ITV News Correspondent Peter Smith reports on the aftermath of Gotabaya Rajapaksa resigning as president of Sri Lanka a day after fleeing mass protests
Colombo is now under curfew.
The fervour of revolution is fading and an eerie quiet has swept over the city.
Streets that held crowds of thousands are now empty.
Sri Lanka is a country with new leadership and a new plan for crushing the protesters that have ousted President Gotabaya Rajapaksa.
Prime Minister Ranil Wickremesinghe is now acting president and immediately authorised the military to use greater force to clear the government buildings that were occupied.
He has also sent armoured vehicles out onto the streets as a show of strength.
It is a change of tactics, and the fear factor appears to be working so far.
Those who had been occupying the Presidential Palace since Saturday decided it was best to heed the warning and go home voluntarily.
But at the Prime Minister’s office - the scene of so much violence yesterday as round after round of tear gas was fired - we witnessed protest leaders in disagreement.
A hardcore few wanted to stay on and defend the ground they’ve gained.
But many are just exhausted and think they have no choice.
“We don’t want to lose our lives,” Dhaniz Ali, one of the protest co-leaders told us.
“The government is trying to portray us as terrorists now."
The protesters fought so hard to gain this ground, though, and the decision to give it up is in part because they don’t quite know what to do with their momentum.
Sri Lanka’s anti-government movement is not one homogenous group vying to take power.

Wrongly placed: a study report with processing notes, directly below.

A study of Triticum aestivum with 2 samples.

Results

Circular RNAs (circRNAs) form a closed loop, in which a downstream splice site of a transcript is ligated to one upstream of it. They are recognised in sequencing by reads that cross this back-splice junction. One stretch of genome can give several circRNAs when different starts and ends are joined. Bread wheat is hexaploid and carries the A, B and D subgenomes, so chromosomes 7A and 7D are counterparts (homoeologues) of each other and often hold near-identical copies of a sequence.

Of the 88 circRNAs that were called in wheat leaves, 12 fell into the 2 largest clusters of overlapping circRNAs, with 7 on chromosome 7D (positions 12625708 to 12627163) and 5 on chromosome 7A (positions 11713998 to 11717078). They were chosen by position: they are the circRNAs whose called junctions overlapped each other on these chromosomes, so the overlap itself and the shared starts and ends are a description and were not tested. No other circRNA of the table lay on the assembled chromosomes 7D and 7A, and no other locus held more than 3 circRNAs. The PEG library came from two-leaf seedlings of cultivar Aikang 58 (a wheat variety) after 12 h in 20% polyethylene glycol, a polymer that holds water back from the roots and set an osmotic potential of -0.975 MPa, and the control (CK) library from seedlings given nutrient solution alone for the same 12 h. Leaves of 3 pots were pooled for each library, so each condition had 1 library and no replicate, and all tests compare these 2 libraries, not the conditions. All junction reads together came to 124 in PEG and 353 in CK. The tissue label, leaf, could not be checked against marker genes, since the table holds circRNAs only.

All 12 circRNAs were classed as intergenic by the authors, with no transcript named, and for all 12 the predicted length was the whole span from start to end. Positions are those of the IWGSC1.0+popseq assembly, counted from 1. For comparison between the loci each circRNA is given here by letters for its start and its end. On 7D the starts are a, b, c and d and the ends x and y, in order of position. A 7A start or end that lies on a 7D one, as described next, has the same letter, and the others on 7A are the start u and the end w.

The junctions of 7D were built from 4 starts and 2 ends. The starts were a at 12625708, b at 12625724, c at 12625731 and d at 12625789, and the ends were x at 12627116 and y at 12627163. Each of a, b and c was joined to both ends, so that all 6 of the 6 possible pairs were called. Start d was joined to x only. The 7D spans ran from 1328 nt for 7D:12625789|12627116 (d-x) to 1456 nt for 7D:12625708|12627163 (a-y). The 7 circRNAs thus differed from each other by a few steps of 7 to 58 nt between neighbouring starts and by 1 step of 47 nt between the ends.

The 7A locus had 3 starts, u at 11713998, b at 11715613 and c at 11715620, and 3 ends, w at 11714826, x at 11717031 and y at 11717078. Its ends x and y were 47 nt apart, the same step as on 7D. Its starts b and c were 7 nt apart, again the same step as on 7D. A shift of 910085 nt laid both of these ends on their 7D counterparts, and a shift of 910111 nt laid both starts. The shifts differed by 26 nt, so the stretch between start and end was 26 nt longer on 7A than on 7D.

Watch ITV News' dispatch capturing the moment protesters stormed the offices of the country's prime minister and were fired with round after round of tear gas
Among the thousands, I’ve met committed communists, wealthy student doctors, and youth leaders from political parties.
Some within the movement would undoubtedly like to use it to their own advantage and take over the country, but most are frustrated citizens who just want a new government that is competent enough to keep the lights on.
Sri Lanka is running out of fuel, but with no money left to buy new supplies it is the people who have to go without.
No cooking gas means living off of bread. No petrol means not getting to work and having no income.
We have seen inside Sri Lanka’s only specialist cancer hospital where they are running low on chemotherapy drugs and appealing for donations.
Not even the rich can escape forced daily power cuts, and the country’s schools have been closed.
Our ITV News team in Sri Lanka has witnessed what happens when people are pushed to the brink like this.
There is anger and it gets taken out on politicians.
Other countries will be paying close attention because the cost of living crisis and spiralling inflation is a global problem so this crisis of shortages likely won’t be the last.
For the time being, the people who ousted a President are returning to their homes.
The hardship that drove them to the streets by the thousand in this bankrupt country is still here.
And as long as Sri Lankan politicians devise ways to cling on to power, their people will continue to suffer.